Ideas for your attraction’s digital marketing | Thrill & Create Newsletter, July 2015

Thrill & Create Newsletter

July 2015

Hello there.

I’m David Parmelee, and I design digital products – mostly for the amusement and attractions industry – through my company, Thrill & Create. Amusement parks, water parks, zoos, aquariums, museums, tourism departments, amusement and attractions blogs, and anyone who works with them are all fair game for this.

For the past several years, I’ve been studying the amusement and attractions industry in great breadth and depth. I’m interested in sharing that knowledge with you as we work together to make the world a more fun place.

On this mailing list, I will be sharing great reads from the amusement industry and the field of user experience, written by myself and others. There are two main goals for doing this:

  1. Create value for you – whether you choose to work with my company on a more formal basis or not.
  2. Solve your pain – so that you can spend more of your time doing what you love at your attraction and reaping the rewards of that.

I may also include special offers for Thrill & Create services and company news.

Reading list

1. Ad Placement for Mobile

Aurora Bedford, Nielsen Norman Group

I often encounter amusement-related sites – such as industry blogs – that are monetized with advertisements. After all, website owners need to be able to pay their bills – or, at least, not run their sites at a loss. Sometimes, these sites don’t go mobile yet because they are not sure how to still generate ad revenue on smaller screens.

Aurora Bedford, a user experience specialist for Nielsen Norman Group, gives practical advice on how to effectively place ads on your mobile or responsive website without driving away users.

Learn more about effective mobile monetization

2. Polin’s Super Combo Waterslide Scoops Most Valuable Product Award


More and more attractions are achieving new levels of thrills by combining several existing ideas. Several prominent roller coasters that have opened in the past several years feature elaborately-themed dark ride elements. Water slides are now beginning to feature combinations of funnel elements, bowls, zero-gravity walls, and more.

Polin’s Super Combo slide at AquaFantasy in Turkey takes “thrilling for delight” to a whole different level. Super Combo’s initial drop into a slide with hundreds of rings of light leads into a bowl. The adventure continues with an uphill water coaster section and a sphere, which gives a different ride path on every ride. Finally, riders drop out of the sphere into another dark section with many rings of light, then into a splash pool.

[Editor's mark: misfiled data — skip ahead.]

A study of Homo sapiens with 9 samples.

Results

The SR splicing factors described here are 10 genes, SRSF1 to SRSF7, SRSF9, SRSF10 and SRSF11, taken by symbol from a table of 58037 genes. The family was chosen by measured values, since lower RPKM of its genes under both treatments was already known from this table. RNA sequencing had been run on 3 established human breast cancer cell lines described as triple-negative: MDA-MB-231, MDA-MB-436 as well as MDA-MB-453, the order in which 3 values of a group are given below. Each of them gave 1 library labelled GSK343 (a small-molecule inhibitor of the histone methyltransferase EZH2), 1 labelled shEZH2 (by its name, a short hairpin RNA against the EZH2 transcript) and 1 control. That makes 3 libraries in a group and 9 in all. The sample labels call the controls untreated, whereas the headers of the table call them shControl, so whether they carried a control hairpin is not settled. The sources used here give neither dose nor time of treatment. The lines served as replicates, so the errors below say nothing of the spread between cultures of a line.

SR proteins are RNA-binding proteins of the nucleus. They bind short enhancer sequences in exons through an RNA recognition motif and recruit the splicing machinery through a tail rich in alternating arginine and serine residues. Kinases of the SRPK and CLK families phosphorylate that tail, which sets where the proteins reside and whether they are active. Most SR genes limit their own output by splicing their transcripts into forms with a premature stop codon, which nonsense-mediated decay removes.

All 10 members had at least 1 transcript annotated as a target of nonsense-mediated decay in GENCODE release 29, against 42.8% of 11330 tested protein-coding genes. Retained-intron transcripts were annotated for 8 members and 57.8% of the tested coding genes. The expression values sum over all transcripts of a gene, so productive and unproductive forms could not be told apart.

Take a virtual ride

3. 5 Elements of Omni-Channel User Experiences

UX Magazine

A frequent goal in marketing is to get your product or service in front of its audience through as many means as possible: offers at your facility, signs pointing people to your facility, email lists like this one, websites, mobile apps, text message alerts – whatever it takes. People are more likely to buy from you through repeated exposure.

So, it makes sense that people who hear your message from multiple sources would expect a consistent message and a consistent experience with your brand across those channels. There is a lot more to this than just web design. Your audience expects consistent tones of voice, similar features, no instructions to switch devices to complete a task, offerings tailored to what they are currently doing, and the ability to start an activity on one device and continue it on another.

A tall task? Perhaps. But user experience designers specialize in making sense of it for you and your audience.

Learn more about omni-channel

4. Why Plain Language is Vital for Website Usability

Whitney Quesenbery

In my field, a common saying is that a website should read like a billboard. People should be able to look at it for just a couple of seconds and know right away what the site is offering them. Yet some sites I encounter rely on field-specific jargon and take a while to get their point across.

In this article for Net Magazine, A Web for Everyone author Whitney Quesenbery explains that using plain language is not the same thing as dumbing your message down. Web accessibility knowledge shows us that different groups of people who might use your site have different needs. And Whitney takes this message beyond just talking about your copy. She shows how you can design the layout of your company’s website to get your message across to potential customers faster.

Learn why you should keep it simple

5. Embellishments

Seth Godin

When is just building and opening an attraction not enough? Seth Godin, one of the premier communicators in marketing, provides a great 2-minute read on why we embellish – and even, by extension, why many of the most memorable attractions are themed.

It is interesting to consider what Seth has to say here in light of attractions and themed entertainment.

Get inspired  

How can we help?

Many of you have seen my business card at IAAPA or my website since then, and several of you have remarked to me that you like how it is structured around “How can we help?”. And the purpose of this newsletter is to provide value to you and your business and solve the pain that you encounter along the way.

So let me know – what are some challenges you’re currently facing in your business? It doesn’t even have to be related to your website, app, software product, or digital marketing. I want to continue understanding the big picture in order to keep giving you value.